Any college kid will tell you that spending nearly nine months sharing air with a complete stranger in a confined space can be less than a dream. In fact, it can be downright difficult, awkward and frustrating -- even if your random roommate ends up becoming one of your best friends.
Since there is bound to be a disagreement or two (or at the very least, a little bit of tension) you’ll need to prepare yourself. Here’s the heads-up on the most common roommate problems and what to do about ‘em:
Rift No. 1: The neat freak can’t stand clutter
Every individual comes to college with a unique concept of cleanliness -- including what is and isn’t clean, who cleans and when cleaning needs to be done. If you come from a family of neat freaks and can’t take your roommate’s clutter, you’ll need to take the lead by offering suggestions for keeping the room organized, before your room begins to look like a cyclone blew through. When talking to your roommate about keeping the place tidy, be sure to actually define terms like “tidy” and even “organized,” since his concept of keeping clothes off the floor may be a far cry from your desire to antibacterialize the doorknob after every use.
As a “housewarming” gift for a notoriously messy mate, wrap up a large decorative storage bin and let your roomie know that you’ll kindly toss stray items into the bin if you find yourself dodging belongings to maneuver around the room. (It beats breaking a leg on the obstacle course between your desk and the bed.) Then, buckle down and wait for the day when your roommate grows sick of bin-digging every time he loses something -- it might just move him to organize himself.
Rift No. 2: Someone borrows without boundaries
While some people couldn’t care less about sharing a pair of underwear or a swipe of deodorant, others might feel downright violated by this behavior. Avoid drama -- and trauma -- by finding out from your roommate what’s off-limits, and don’t be shy about explicitly expressing your own boundaries (e.g., say “You can borrow my clothes if you ask first and wash them within a week” or “Feel free to download my new Lemonheads CD to your iTunes, but put it back in the case”). Keep this discussion in mind, too, before helping yourself to anything that doesn’t live on your side of the room.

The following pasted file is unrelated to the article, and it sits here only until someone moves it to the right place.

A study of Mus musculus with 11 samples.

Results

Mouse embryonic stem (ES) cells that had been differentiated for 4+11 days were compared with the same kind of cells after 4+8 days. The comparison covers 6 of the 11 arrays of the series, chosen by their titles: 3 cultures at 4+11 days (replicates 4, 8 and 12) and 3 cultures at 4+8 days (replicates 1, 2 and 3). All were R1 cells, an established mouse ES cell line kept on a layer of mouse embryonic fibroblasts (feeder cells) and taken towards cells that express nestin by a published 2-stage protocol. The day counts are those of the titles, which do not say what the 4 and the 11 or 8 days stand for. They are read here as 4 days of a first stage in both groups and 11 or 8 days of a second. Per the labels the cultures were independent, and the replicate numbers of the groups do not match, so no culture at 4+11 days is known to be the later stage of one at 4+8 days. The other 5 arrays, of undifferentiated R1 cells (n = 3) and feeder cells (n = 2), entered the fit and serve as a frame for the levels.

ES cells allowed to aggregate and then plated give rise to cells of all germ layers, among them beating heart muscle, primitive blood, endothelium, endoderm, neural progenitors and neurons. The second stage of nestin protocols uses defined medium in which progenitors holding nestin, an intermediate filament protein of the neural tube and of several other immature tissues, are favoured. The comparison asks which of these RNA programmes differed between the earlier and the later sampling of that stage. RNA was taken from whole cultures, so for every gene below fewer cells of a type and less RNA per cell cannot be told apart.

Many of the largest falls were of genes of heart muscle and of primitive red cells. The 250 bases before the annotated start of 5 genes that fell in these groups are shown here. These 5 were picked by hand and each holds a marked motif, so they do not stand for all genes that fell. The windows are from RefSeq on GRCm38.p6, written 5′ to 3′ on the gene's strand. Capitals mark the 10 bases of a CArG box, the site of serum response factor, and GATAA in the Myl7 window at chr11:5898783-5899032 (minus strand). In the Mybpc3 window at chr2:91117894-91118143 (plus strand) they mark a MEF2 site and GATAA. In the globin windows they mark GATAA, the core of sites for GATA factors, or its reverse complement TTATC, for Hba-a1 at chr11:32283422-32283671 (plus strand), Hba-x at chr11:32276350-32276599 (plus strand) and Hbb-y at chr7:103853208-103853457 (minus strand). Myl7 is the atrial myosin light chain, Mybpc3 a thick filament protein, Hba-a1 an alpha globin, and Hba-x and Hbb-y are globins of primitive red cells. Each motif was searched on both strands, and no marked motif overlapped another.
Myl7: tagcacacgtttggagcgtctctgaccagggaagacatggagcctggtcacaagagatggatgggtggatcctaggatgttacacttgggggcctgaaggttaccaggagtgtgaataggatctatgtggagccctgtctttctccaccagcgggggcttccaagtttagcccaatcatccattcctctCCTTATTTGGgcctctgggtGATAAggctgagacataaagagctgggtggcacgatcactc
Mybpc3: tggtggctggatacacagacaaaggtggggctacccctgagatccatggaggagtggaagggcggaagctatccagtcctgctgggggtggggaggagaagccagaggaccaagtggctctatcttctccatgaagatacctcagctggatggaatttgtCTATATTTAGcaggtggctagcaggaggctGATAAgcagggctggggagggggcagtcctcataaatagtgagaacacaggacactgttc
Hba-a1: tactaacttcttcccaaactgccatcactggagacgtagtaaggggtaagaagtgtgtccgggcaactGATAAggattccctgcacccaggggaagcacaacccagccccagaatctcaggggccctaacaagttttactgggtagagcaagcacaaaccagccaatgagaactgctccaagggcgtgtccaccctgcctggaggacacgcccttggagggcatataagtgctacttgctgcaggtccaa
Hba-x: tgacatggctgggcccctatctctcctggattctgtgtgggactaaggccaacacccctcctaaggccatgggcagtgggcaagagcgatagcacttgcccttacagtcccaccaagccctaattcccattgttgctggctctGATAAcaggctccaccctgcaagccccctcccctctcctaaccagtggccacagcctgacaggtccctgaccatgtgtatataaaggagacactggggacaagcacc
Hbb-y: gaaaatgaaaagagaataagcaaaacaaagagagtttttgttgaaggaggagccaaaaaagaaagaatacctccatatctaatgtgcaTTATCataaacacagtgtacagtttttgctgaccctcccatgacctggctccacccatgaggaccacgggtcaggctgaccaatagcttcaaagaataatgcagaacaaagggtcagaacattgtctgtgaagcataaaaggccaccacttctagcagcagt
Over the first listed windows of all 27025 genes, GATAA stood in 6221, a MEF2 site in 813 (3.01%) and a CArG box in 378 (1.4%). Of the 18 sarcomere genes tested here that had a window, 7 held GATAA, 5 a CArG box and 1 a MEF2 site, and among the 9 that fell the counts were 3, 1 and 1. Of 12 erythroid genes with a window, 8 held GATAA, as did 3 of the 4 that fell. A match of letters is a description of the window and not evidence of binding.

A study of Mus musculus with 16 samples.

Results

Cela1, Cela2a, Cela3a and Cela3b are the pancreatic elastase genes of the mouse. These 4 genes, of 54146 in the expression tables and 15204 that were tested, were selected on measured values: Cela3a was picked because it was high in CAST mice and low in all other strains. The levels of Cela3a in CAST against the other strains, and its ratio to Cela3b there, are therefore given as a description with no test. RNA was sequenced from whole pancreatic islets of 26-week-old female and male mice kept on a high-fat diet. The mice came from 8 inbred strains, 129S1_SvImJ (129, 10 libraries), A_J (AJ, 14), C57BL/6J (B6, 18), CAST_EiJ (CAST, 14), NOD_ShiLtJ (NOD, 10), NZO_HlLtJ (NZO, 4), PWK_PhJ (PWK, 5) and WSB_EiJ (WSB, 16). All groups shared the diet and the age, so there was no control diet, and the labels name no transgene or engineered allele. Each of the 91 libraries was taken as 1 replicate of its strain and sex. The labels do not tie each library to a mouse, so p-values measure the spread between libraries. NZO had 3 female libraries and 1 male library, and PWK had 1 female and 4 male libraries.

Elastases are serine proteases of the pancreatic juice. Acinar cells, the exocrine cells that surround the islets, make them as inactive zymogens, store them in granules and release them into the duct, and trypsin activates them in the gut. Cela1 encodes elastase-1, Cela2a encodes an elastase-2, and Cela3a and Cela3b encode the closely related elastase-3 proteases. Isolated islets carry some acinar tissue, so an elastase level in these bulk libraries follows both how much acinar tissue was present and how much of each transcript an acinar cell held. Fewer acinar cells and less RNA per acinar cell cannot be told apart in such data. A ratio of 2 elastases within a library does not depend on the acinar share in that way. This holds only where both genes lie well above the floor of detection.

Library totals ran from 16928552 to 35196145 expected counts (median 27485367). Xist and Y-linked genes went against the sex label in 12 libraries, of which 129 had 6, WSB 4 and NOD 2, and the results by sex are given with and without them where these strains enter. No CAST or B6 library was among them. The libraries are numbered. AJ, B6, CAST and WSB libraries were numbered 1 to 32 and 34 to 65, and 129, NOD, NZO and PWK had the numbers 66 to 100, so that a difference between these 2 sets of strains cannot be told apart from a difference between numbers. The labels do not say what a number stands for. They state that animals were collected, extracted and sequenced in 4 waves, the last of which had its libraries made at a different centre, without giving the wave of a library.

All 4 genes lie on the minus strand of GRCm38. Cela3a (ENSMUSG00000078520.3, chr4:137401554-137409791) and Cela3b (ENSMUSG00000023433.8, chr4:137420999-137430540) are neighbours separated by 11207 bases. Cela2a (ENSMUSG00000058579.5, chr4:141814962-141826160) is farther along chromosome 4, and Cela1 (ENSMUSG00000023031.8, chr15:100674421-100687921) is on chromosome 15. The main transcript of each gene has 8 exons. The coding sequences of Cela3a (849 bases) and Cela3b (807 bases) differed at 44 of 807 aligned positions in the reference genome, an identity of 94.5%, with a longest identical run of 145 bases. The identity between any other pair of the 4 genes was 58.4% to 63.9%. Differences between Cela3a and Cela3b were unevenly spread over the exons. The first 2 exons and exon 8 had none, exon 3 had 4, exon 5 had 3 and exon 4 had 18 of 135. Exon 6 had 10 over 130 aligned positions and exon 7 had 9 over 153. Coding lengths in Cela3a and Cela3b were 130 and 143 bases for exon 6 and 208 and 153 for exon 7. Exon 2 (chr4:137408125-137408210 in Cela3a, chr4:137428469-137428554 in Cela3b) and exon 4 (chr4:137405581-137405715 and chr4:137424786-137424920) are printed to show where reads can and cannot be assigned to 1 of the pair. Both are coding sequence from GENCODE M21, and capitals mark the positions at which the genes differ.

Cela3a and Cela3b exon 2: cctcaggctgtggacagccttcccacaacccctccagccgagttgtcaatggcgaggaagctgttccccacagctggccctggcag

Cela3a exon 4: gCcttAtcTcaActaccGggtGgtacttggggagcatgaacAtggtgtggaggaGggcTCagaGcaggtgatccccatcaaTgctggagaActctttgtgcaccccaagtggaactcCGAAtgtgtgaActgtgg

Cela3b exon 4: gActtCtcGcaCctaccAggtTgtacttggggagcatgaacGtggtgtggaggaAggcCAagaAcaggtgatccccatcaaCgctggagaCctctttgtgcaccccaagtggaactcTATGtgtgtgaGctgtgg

Rift No. 3: An early bird’s bedtime is a night owl’s game time
If your roommate has all 8 a.m. classes, and you don’t have one that begins before noon, the only remedy (besides praying that your roommate has better luck next semester) is respect. If you show some consideration at night when she wants to go to sleep, you’ll likely get more of the same in the morning when you’re still snoozing. At night, compromise by turning off the main lights and using a book light or small lamp instead. Dim the light on your computer screen, plug in headphones if you’re listening to music and text instead of talking on the phone. This way, night owls can do their thing while the early-to-rise can get some z’s. With a good night’s sleep, the early bird will be more likely to wake up to (and promptly turn off) his alarm -- and be more willing to leave quietly for a before-dawn class.
Rift No. 4: The dirty kid doesn’t clean
In short, no one wants to vacuum, scrub a toilet or sweep the floor. But it’s just not right for one person to get stuck doing it all. Before everyone is even moved in, all roommates involved should discuss what needs to be done, who’s going to do it and when duties will be rotated. Some dorms have a bathroom shared with the entire hall, and others are suites that have a shared bathroom between two rooms. Either way, everyone using the space should pitch in to maintain it. Work this out early on because if nothing gets scrubbed, it will be a breeding ground for mold, bacteria and illness. Gross.
Rift No. 5: The party animal disrupts the study-and-moderation person
Ideally, you’ll find yourself with a roommate whose social habits mirror your own. Unfortunately, many roommates will insist upon going out every night and stumbling in during the wee hours of the morning to disrupt their living mate’s sleep and study hours (try not to be that roommate). If you have a party-happy roommate, try to agree on ways to make his homecoming less disturbing. This can include a night light (don’t laugh), laying out pj’s before leaving for the night and leaving on a fan as a noise buffer. Unfortunately, if your roommate’s behavior begins to interfere with your studies, a last-resort option is to request a room change. After all, you are there to learn.